Travis Williams drove around Louisville, Ky. for a week with a busted Xbox 360 in his trunk. It was his third console stricken by the dreaded “Red Ring of Death” — known as “general hardware failure” in the halls of Microsoft.
It’s been almost a year and a half since Microsoft issued a big “I’m sorry” to consumers, extending the warranty on their Xbox 360s to three years and taking a $1 billion charge against earnings to pay for repairs and beefed-up customer service. But still, the Red Ring of Death dogs the company.
Getting Red Ringed is almost a badge of honor now, like a crushing hangover after an epic night out. Everyone I know — myself included — has gotten at least one. But after three Xboxes in two years, Williams was sick of the tell-tale red lights on the front of his console — and the refurbished consoles Microsoft sent him as replacements.
“If I had any other type of appliance that went out this quick and this often, I’d be upset,” he says. “You wouldn’t expect to get a new refrigerator and have it go out on a regular basis.”
Many industry watchers, including Dean Takahashi, a writer for VentureBeat, have speculated that Microsoft, in its haste to beat Sony and Nintendo to market, pushed the Xbox 360 out too early.
Takahashi has written two books about Microsoft, including “The Xbox 360 Uncloaked: The Real Story Behind Microsoft’s Next-Generation Video Game Console.” In it, he references internal sources and documents that show Microsoft knew the console had problems — but launched it anyway.
“Microsoft had experience with this before, with the first Xbox where they showed improvement over time,” he told me. “They sort of assumed they could do the same thing (with the 360), and it hasn’t happened.”
The Red Ring problem isn’t the only one Microsoft faces with the Xbox 360. Jason Johnson, of Madison County, Ill., has filed suit against the company alleging that his 360 has destroyed three games by scratching the discs.
A deposition of Microsoft program manager Hiroo Umeno, revealed this week in an unsealed court document, indicates that the company was aware of the problem before its November 2005 launch, and following the launch, determined that tilting the console to the left or forward would cause discs to scratch. Umeno declined to comment on the lawsuit or his deposition.
On the subject of the Red Rings, Microsoft is a bit more forthcoming. Company spokesperson David Dennis told me, via an e-mailed statement, that the company has “improved (its) manufacturing processes to improve reliability and our repair process to accelerate turn-around time for repairs.”
However, Microsoft still can’t (or won’t) identify the reasons the Red Rings happen in the first place. Takahashi says the root cause is usually a graphics chip that is overheating inside the machine. Dennis declined to get specific, saying only that “we identified a complex set of various factors and interactions that can cause the three flashing red lights error message on the console.”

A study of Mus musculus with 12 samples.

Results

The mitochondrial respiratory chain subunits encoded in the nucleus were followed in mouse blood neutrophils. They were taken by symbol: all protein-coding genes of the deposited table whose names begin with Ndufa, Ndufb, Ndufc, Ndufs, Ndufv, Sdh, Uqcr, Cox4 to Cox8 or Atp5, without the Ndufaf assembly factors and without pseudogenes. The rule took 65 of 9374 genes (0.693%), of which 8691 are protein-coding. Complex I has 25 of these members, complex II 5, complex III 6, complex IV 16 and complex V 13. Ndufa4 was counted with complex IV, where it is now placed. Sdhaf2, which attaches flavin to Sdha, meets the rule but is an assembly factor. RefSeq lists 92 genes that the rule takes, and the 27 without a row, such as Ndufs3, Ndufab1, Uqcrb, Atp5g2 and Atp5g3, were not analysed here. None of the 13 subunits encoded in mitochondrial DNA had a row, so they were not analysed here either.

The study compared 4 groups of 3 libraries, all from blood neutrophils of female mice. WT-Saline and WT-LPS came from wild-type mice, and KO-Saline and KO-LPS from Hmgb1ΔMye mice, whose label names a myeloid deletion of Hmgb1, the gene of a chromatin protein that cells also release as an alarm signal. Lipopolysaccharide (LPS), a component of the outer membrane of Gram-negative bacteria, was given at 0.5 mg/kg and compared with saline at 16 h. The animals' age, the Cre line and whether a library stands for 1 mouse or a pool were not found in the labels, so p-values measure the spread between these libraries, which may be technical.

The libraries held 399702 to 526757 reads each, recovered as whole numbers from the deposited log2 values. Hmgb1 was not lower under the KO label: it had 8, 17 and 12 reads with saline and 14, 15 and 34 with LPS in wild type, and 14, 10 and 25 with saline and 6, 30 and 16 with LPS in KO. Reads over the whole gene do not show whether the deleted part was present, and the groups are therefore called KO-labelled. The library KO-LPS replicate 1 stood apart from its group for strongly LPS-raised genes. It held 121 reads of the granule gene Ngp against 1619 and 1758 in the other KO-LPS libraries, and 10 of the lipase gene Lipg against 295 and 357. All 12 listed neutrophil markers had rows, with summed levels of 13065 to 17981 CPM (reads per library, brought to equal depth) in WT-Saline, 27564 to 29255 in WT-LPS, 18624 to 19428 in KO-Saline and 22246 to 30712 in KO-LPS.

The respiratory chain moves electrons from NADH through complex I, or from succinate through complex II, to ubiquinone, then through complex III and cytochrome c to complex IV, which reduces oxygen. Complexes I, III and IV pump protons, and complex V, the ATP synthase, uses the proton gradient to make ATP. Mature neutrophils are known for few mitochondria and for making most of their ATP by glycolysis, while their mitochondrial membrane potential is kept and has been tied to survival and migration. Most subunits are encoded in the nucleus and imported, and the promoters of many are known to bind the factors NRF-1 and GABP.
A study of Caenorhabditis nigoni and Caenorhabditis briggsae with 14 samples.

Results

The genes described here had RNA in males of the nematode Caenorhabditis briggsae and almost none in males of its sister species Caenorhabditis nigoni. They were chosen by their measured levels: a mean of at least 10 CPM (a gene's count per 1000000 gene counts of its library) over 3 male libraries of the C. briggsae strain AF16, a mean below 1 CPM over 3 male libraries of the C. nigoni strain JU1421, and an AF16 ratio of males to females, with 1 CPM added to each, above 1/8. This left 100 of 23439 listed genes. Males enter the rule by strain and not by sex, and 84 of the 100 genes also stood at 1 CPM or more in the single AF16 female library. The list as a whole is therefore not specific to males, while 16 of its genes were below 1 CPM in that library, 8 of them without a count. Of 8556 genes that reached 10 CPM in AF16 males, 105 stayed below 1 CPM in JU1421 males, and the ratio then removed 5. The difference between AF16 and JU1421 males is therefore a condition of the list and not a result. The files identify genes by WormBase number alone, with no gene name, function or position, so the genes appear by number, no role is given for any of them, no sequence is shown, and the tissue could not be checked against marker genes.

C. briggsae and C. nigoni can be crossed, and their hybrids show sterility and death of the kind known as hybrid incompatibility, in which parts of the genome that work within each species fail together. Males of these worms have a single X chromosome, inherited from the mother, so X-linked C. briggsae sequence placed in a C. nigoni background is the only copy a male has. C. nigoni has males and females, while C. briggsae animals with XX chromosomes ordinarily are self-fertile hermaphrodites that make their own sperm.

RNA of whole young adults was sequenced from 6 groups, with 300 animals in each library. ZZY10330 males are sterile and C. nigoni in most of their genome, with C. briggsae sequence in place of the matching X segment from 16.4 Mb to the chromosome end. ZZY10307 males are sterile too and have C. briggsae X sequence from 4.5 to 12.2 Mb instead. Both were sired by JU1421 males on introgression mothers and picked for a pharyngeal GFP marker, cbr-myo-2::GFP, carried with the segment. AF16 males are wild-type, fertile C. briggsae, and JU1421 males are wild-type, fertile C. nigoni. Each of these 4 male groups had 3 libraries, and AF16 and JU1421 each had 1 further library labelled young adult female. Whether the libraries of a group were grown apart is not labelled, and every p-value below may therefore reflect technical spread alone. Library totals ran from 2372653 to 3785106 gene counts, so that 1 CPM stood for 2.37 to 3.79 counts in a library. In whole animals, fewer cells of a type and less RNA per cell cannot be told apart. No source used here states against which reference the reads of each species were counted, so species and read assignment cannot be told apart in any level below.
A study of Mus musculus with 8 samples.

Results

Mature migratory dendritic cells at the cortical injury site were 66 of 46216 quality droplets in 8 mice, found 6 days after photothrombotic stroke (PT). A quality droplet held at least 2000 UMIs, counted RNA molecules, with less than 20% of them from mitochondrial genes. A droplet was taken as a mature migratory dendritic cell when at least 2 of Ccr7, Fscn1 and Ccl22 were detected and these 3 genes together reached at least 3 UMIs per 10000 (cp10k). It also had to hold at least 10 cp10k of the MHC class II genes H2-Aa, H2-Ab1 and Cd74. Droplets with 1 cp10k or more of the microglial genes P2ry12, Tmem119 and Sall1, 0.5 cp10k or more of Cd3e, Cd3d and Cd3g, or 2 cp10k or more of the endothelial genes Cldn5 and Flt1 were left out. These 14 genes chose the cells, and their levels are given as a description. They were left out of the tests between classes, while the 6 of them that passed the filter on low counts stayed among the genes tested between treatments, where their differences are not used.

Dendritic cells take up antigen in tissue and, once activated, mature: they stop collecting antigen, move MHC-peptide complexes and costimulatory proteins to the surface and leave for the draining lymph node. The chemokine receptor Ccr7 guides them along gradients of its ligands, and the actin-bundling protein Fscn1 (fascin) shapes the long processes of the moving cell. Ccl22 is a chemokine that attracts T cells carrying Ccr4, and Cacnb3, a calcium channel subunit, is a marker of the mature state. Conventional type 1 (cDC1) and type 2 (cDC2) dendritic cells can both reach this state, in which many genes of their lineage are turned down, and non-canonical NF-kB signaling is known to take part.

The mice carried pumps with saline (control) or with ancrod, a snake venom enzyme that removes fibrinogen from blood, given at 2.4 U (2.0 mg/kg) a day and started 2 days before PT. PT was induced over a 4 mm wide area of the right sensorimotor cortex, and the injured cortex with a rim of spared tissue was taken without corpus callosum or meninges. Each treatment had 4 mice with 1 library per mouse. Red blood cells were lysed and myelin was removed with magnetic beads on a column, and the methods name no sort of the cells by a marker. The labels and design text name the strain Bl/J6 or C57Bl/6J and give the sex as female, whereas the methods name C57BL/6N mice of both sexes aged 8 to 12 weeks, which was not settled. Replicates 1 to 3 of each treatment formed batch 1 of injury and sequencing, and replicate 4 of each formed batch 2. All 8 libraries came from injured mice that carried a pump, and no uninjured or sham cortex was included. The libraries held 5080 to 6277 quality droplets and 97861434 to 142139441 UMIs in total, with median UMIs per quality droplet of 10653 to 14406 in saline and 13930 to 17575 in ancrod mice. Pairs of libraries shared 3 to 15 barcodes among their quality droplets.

It is true that Microsoft has gotten better about keeping gamers informed about the whereabouts of their busted consoles. Williams, from Louisville, got an e-mail from customer support just this week confirming the receipt of his console — complete with an apology – from “Caleb.” And from here on out, he can check the status of his repair at support.xbox.com — something Microsoft instituted in August 2007 to help earn back some of the goodwill it lost from gamers.
Chad Lawhon, from St. Joseph, Mo., is one of those gamers. He’s had six Xbox 360s Red Ring on him — and he’s plenty steamed about it. He says he and his friends, who he keeps in touch with via Xbox Live, think Microsoft is lucky that their console is “really where the games are at, and that’s where the best online experience comes from.”
“With any other consumer electronic device, there’s no way I would get another one, or even come back to that product again,” he says.
Lawhon is no fair-weather fan. He owned the first Xbox, and participated in the Xbox Live beta. He stood in line on launch day to get the Xbox 360. And he’s the owner of — get this — four of them, one for each of his family members. He loves the games for the system —it’s the hardware that’s let him down, over and over again.
“If the 360 hardware was as reliable as the PS3, I’d be a happy camper all the way around,” he says.
Speaking of Microsoft’s rival, Lawhon is expecting his new PlayStation 3 to arrive on Friday — but is mainly excited about the console because it can play Blu-ray DVDs, he says.
As for Williams, he wants his Xbox 360 back, but he’s also leaning toward a PS3. The only problem, he says, is that none of his friends have a PS3. Like Lawhon, he spends a lot of time on Xbox Live, playing games online with his friends.
“I have a friend I went to college with who lives in Chicago — we talk more on Xbox than we do on the phone or we do in person,” he laments.
Without his Xbox 360 since Nov. 28, Williams says he hasn’t “officially gone crazy yet. “ He does miss his buddies, and playing “Gears of War 2.”
“But I found out about this thing, and it’s called, like, talking to your wife,” he says with a laugh. “It’s amazing.”